Improving Your Sight Reading

Improving Your Sight Reading

Improving Your Sight Reading

Question:

I'm a piano major looking to get into accompanying, but I'm worried that my sight reading skills aren't good enough. I learn music fast, but I find it hard to get through a piece I haven't seen before without stopping to correct. Is there anything I can do in my practice to improve this? Thank you

Answer:

That’s a great question. Sight reading is a really useful skill and certainly helps when you’re an accompanist. That said, you can still do a lot of work as an accompanist even without amazing sight reading skills. I’d encourage you to keep doing as much accompanying as you can with prepared music until you’re confident enough to sight read in rehearsals and performances. Many great accompanists will always request the music before rehearsals or coachings – it’s a completely acceptable thing to do.

There are a few pieces of advice I can give you to help practice sight reading, but the best way to improve is by playing music with other people. The temptation to stop and correct yourself is strongest when you’re practicing by yourself at home. As tough as it is, try to put yourself in as many situations as possible where you have no choice but to keep going.

Accompany as many choirs (amateur or professional) as you can, play rehearsals for amateur musicals, play cabaret shows, play in a jazz band, play for singing lessons, get some friends together and read through a trio – that is the best way to improve.

Here are a few exercises you can do at home to practice sight reading:

1. Learn to simplify and make peace with imperfection. Get a piece of music that has a clear melody and accompaniment. Play just the melody and the bass line, and leave out all the middle voices. Resist playing everything on the page. This is a hugely important skill, particularly when you start accompanying operas and concertos, where the orchestral reductions are not written for piano and you simply can’t play it all.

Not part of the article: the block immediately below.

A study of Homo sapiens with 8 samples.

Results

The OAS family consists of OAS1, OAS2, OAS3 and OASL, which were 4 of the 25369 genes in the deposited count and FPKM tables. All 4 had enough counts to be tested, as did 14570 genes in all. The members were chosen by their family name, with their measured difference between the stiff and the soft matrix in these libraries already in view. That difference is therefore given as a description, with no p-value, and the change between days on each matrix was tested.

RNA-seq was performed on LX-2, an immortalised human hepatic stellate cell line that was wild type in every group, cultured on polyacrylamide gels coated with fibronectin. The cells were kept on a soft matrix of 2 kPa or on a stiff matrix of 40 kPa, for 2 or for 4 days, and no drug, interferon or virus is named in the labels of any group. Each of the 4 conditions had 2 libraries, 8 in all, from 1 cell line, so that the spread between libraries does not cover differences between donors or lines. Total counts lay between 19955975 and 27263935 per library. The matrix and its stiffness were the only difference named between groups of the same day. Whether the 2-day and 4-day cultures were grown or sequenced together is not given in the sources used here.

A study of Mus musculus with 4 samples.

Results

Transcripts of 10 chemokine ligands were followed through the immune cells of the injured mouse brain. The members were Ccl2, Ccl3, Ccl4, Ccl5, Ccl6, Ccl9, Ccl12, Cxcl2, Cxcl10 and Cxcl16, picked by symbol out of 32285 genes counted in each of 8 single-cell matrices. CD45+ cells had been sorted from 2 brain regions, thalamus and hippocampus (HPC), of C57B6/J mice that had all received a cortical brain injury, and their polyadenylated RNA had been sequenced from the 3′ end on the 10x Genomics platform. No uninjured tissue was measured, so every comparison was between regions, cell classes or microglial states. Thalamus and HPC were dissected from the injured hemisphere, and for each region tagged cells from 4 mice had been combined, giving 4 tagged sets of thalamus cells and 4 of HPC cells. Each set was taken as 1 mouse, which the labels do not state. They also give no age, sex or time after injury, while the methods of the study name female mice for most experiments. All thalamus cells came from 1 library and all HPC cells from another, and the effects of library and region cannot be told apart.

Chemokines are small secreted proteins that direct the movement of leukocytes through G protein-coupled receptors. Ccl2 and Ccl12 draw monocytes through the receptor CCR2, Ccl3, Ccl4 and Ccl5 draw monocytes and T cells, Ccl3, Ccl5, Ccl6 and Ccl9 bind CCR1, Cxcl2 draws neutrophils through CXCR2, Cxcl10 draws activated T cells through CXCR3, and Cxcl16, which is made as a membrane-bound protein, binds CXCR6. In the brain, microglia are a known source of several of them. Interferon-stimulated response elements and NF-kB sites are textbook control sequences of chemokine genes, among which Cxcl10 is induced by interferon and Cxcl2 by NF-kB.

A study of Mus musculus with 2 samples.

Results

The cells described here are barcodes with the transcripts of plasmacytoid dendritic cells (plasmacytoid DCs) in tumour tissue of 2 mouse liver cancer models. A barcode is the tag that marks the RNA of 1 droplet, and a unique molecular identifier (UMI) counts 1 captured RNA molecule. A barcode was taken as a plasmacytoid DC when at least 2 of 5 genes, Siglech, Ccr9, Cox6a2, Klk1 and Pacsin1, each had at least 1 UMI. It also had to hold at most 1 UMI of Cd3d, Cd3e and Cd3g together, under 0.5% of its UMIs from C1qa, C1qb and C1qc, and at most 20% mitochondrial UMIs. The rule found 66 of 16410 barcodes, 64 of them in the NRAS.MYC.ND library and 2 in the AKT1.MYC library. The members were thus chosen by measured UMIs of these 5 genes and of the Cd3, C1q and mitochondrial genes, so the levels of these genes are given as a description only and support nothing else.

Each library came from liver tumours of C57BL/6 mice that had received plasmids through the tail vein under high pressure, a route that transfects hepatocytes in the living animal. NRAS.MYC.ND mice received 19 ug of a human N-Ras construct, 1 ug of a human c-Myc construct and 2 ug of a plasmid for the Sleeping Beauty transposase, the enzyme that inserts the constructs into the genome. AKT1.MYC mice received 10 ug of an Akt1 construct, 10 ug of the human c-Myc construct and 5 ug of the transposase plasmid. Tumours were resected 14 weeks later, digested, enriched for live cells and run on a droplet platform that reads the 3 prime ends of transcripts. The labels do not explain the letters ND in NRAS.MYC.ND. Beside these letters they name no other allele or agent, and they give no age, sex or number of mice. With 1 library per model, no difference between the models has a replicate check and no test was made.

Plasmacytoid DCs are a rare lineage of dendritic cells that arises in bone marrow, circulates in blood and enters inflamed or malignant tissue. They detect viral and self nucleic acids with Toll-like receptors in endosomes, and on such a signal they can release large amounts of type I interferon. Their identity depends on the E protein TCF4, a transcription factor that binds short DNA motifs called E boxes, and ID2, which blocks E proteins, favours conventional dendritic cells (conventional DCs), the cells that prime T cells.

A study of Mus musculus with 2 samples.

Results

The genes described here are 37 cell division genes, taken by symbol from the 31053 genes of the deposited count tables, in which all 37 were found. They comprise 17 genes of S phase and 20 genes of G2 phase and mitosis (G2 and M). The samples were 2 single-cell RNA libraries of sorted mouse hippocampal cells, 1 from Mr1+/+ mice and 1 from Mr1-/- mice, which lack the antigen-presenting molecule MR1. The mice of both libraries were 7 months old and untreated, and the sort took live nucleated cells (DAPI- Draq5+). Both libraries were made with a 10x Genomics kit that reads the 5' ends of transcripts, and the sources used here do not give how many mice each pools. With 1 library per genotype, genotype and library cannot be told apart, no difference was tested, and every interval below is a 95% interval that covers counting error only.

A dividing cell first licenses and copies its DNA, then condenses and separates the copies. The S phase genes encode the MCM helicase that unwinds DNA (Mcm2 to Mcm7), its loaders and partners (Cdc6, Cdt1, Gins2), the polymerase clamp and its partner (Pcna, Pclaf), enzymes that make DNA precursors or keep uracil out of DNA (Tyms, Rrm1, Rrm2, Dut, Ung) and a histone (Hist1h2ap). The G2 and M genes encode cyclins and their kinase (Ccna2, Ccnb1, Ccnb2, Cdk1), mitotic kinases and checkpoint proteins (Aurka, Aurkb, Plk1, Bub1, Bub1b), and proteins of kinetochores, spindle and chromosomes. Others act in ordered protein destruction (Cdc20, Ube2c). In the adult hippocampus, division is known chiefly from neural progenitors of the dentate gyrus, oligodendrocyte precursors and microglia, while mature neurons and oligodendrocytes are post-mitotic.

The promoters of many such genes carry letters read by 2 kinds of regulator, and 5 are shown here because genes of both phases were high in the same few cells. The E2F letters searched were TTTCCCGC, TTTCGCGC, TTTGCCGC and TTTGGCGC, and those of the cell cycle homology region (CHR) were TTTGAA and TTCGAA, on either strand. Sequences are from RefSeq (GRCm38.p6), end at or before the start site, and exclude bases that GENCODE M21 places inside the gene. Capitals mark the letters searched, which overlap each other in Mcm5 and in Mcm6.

2. Play new music every single day. Grab a book of music you like and every day at the start of your practice play through one piece from start to finish without worrying about fingering, detail or making mistakes. I used to love doing this with Chopin nocturnes and waltzes. Bach inventions or preludes and fugues are great too, but it can be anything. 

3. Play simple music with a metronome. Most of the accompanying you’ll do is a lot easier technically than your solo pieces so don’t feel like this is a cop out. If you make a mistake or stumble, skip a beat but find where you would be up to if it were conducted. 

4. Play jazz and pop music! Jazz and pop are all about staying within a set groove. The drum kit is not going stop if you get lost, and there’s no rubato. I played hundreds of cabaret shows at the Butterfly Club and karaoke bars and that was the best training I did, and also the most fun. You learn to play what it should sound like rather than what’s on the page, and playing from chord charts teaches you to have a really good practical knowledge of music theory. Every classical musician should be able to read a chord chart – find a jazz teacher and you’ll be amazed how quickly your sight reading improves.

I hope some of this is useful. Don’t give up, it gets easier every day! The best thing about improving your sight reading is that you get to play so much new music all the time – I guarantee you’ll learn to love sight reading!